Archive for September, 2018

2018 Kashube Lecture Notes

Polish/Kashube Emigration
and Immigration to Milwaukee

“One Story with Three Strains”

Speakers during the lecture that took place on September 6, 2018 included:
Prof. Anne Gurnack, Professor Emerita (Political Science), University of Wisconsin Parkside;
Abbé George Baird, Administrator St. Stanislaus Church of Milwaukee;
Sebastian Tyrakowski, Deputy Director of the Emigration Museum in Gdynia Poland.

Moderator: Dr. Angela Pienkos, Educator, Past President of the Polish American Historical Association and Past Executive Director of the Polish Center of Wisconsin.

by David Rydzewski

The Kashubian people are a Polish ethnic group with its own language, customs and traditions. Since 2005, the distinctive dialect they speak is officially recognized as the regional language.

The Kashubes that settled on Milwaukee’s Jones Island, came from the Hel Peninsula area of Poland. The Hel Peninsula is a long narrow strip of land that separates the Bay of Puck from the open Baltic Sea, They came to the area of Milwaukee that allowed them to do what they knew best, fishing. The Kashube emigration started in the 1870’s. Many of the first Kashube emigrants originated in southern Kashubia (furthest away from the Baltic coast) and settled in Canada. They later found the land in Canada not well suited for farming, and many of them resettled in Stevens Point, Wisconsin or Winona, Minnesota.

The Kashubes from the Hel Peninsula came a little later and settled on Milwaukee’s Jones Island. Jones Island was then a relatively small place outside of Milwaukee proper, so it had few or no city services. But to the Kashubes it was their new home. The first child born on the island was named Felix Struck, and curiously he was the last person to live on Jones Island, before the city of Milwaukee bought all of the land on the island for its water treatment plant and harbor docks.

By the 1890’s Jones Island was a thriving fishing village of about two thousand people. Two thirds of them were Kashubes, with Norwegians and Germans making up the rest of its population. Lacking many city services, its residents started a school on the island, with teachers making the trek each day from shore to the school that went up to the third grade.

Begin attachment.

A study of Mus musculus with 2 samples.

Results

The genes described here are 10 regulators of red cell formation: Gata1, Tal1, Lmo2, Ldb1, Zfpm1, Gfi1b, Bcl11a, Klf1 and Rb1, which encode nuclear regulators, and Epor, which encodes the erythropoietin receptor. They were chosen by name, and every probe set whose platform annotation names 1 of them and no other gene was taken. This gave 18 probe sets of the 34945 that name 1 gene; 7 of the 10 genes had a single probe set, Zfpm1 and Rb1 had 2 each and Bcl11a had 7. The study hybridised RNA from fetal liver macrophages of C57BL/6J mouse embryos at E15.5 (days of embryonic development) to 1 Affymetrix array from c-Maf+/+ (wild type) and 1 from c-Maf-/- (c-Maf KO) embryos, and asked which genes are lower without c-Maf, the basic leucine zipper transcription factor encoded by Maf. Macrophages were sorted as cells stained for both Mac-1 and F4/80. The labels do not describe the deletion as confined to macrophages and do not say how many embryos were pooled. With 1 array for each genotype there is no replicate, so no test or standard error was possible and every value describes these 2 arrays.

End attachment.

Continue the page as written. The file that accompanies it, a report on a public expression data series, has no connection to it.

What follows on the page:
When Jones Island was first being settled, properties were built, sometimes without clear title to land. For a while that worked, but later land claims were contested between islanders and the Illinois Steel Company. Over 80 lawsuits went to trial, trying to determine lawful owners. Islanders found mixed results in those court decisions. Today there is a small park on Jones Island that commemorates the Kashube settlers, and each August, many Kashube descendants of those early settlers come together for a picnic.

St. Stanislaus Bishop and Martyr Church was built in 1866. It was Wisconsin’s first urban Polish Church, and it became the center of the Jones Island Kashube’s religious and cultural life. Enormous financial sacrifices were made by the Kashubes in support of the church. Today the names of those some of those Kashube pioneers can be found cast into the four brass bells in the St. Stan’s steeples. Those names include Kanski, Palmbeck, Flander, Konkel, and many more.

Today St. Stan’s is considered by many to be the mother church for other area Polish parishes. In 2016, St Stan’s celebrated its 150th anniversary. Abbé George Baird, serving at St. Stans, told of its growing faith community and its major restoration’s efforts. A video and photos that were shown testify to the successful efforts made to renew this beautiful church. St. Stanislaus Bishop and Martyr church is one of the few parishes in the Milwaukee archdiocese that holds masses in Latin.

Details of the work at the Emigration Museum in Gdynia, Poland were given by its Deputy Director Sebastian Tyrakowski (accompanied by Dr. Rafał Kaczyński, Research Officer). The Emigration Museum of Gdynia was opened in 2015. It tells the story of the emigration of three and a half million Polish people to new lives in foreign lands.

The site of the museum in Gdynia is what had once been a 1933 built terminal for ocean liners. Destroyed during the Second World War, its rebuild started in 2012. To help frame the strong emotion that attaches to this center of Polish emigration, the building is filled with Polish patriotic symbols.

The first major push for Polish emigration started after the failed November Uprising (1830-1831) that began with the Cadet’s Revolt of 1830. The museum tells the story of this uprising and the resulting migration of people from rural areas to cities and abroad. To help personalize these events, one family’s experience is told in detail. The trauma a family goes through in leaving its home, family and traditional way of life behind is portrayed. One of those stories covers a family leaving its cottage in Galicia, embarking on a crowded ship to New York’s Ellis Island, and later moving on to Chicago.

Causes of this emigration, from the personal, political, economic, and threat of war, are told. Included is the story of “Brazilian Fever,” where tens of thousands of Poles left for Brazil, in search of free land and opportunities, only to discover jungle, tropical diseases, and a world they did not expect. Many of those who tried Brazil, later went on to the U.S. and Canada.

The Museum contains core and temporary exhibits. It also serves as home for cultural, educational and historic projects, and provides a venue for musical events, plays, lectures, conferences, and workshops. Finally, it hosts a section on oral history and publishes its own scientific journal. Emigration Museum of Gdynia, stands as a lasting link and symbol of Poland’s connection to World Polonia.